Can Distance Learning be a Substitute for College

Distance learning can not only be a substitute for college, it’s very likely the future of college, for a number of reasons. 

Going to a four-year college and living in a dorm are luxuries that fewer and fewer people can afford.  Grants are drying up.  When my two older sons started college in the mid-nineties, they received sizeable grants.  By the time my youngest son graduated in 2008, he wasn’t getting any grants at all.  Besides that, the cost of college has been going up much faster than the rate of inflation for years.  According to http://money.cnn.com, the average cost of college tuition went up 8.3% in 2011.  Going the traditional route means that students are saddled with huge loans that take years to pay off.  Even parents are burdened with parent loans that they have to keep paying off well into retirement.
     
Uncertainty in the economy and rapid changes in the workplace mean that more and more working adults are returning to school.  But a traditional four-year college doesn’t work for adults for a number of reasons.  The expense is very burdensome when you’re trying to provide for a growing family.  Also, it’s very difficult to work a class schedule around a work schedule.  I work in a community college, and it’s common for students to have to drop classes because their work schedule has changed.  Then there’s the time spent commuting.  Whether you live in a big city and have to go across town, or you live in a rural area and have a long drive, it’s possible to spend hours a day just driving.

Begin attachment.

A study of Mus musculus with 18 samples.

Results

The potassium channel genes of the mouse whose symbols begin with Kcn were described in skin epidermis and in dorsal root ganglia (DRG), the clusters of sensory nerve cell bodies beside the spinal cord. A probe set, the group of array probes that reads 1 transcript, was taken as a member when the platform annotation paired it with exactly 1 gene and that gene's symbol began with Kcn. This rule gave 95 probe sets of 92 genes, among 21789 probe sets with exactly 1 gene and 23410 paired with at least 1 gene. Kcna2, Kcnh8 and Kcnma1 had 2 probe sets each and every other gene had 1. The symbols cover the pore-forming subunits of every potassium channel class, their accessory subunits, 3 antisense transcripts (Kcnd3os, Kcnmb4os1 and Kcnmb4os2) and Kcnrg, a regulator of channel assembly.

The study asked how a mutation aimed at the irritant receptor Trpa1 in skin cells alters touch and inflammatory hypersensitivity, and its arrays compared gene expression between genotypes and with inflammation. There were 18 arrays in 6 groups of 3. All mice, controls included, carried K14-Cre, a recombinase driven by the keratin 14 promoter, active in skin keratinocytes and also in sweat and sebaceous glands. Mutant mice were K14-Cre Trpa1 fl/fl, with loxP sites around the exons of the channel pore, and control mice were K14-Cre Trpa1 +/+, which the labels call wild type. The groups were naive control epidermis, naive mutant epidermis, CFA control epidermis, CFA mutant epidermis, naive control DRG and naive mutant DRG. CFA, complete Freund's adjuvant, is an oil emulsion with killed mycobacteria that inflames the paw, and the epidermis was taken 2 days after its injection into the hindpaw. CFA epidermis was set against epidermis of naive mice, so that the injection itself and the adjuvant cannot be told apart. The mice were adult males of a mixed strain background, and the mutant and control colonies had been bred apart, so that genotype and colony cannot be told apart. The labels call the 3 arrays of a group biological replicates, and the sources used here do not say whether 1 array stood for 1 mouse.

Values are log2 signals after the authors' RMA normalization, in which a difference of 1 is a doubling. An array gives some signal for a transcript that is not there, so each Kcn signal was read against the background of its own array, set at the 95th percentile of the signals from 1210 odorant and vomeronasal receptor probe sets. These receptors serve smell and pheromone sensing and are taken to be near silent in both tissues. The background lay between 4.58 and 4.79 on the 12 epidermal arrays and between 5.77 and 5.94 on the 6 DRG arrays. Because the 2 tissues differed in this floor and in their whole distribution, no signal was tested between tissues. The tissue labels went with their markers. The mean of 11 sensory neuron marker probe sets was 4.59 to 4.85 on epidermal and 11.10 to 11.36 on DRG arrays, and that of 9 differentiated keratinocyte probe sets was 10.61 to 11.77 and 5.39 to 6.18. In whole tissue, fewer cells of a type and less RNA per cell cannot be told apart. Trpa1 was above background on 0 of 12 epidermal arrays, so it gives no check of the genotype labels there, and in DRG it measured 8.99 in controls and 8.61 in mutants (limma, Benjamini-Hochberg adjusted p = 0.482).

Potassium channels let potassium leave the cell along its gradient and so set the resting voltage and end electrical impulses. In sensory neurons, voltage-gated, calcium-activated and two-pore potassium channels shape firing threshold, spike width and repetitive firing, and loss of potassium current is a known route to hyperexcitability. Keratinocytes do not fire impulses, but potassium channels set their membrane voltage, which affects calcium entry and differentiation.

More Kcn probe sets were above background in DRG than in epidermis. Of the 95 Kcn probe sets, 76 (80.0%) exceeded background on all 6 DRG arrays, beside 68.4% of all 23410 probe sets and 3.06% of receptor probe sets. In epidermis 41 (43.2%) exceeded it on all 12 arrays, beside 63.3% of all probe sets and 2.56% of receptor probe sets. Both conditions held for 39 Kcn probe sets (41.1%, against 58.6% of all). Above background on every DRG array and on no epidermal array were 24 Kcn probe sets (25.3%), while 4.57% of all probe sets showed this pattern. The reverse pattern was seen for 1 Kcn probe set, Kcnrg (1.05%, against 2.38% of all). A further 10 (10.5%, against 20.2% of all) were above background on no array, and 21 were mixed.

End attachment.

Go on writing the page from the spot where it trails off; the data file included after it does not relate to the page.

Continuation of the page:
The distance learning that colleges provide now is a great alternative that solves a lot of these problems.  College students can save a fortune in dorm costs.  They can live at home or in an inexpensive apartment with roommates during college.  The flexibility that distance learning provides means they can also work more hours during college.  With the same flexibility, they may even be able do their coursework at their own pace and graduate sooner, getting them into the workplace sooner.

Distance learning is also a great option for working adults with families, who have even more demands on their time than college students.  According to http://businessmajors.about.com/od/…/a/EducationSurv.htm, a Kaplan University survey found that 91% of American adults think a college education will make them more employable.  That’s a major consideration at any time, but especially in a down economy.  So there’s definitely a market for college courses among working adults, and distance learning makes it possible for even the busiest adults to finish college.  Besides the flexibility of scheduling and the time saved by not commuting, there’s another reason adults like distance learning.  Many adults have been out of school for years, and find a classroom distracting.  Sitting at home at the computer makes it much easier to concentrate on the class material.

People who want to improve their skills but don’t want to commit to college courses also have the option of taking continuing education classes online.  A very good site for this is http://ed2go.com, which offers a number of computer, business and education courses.  Continuing education courses are usually much cheaper than college courses, and usually also more practical and skill-oriented.

Because of all the advantages it offers, I think that distance learning will take more and more of the market share from traditional colleges in the future.  So distance learning will defintitely be a viable substitute for college.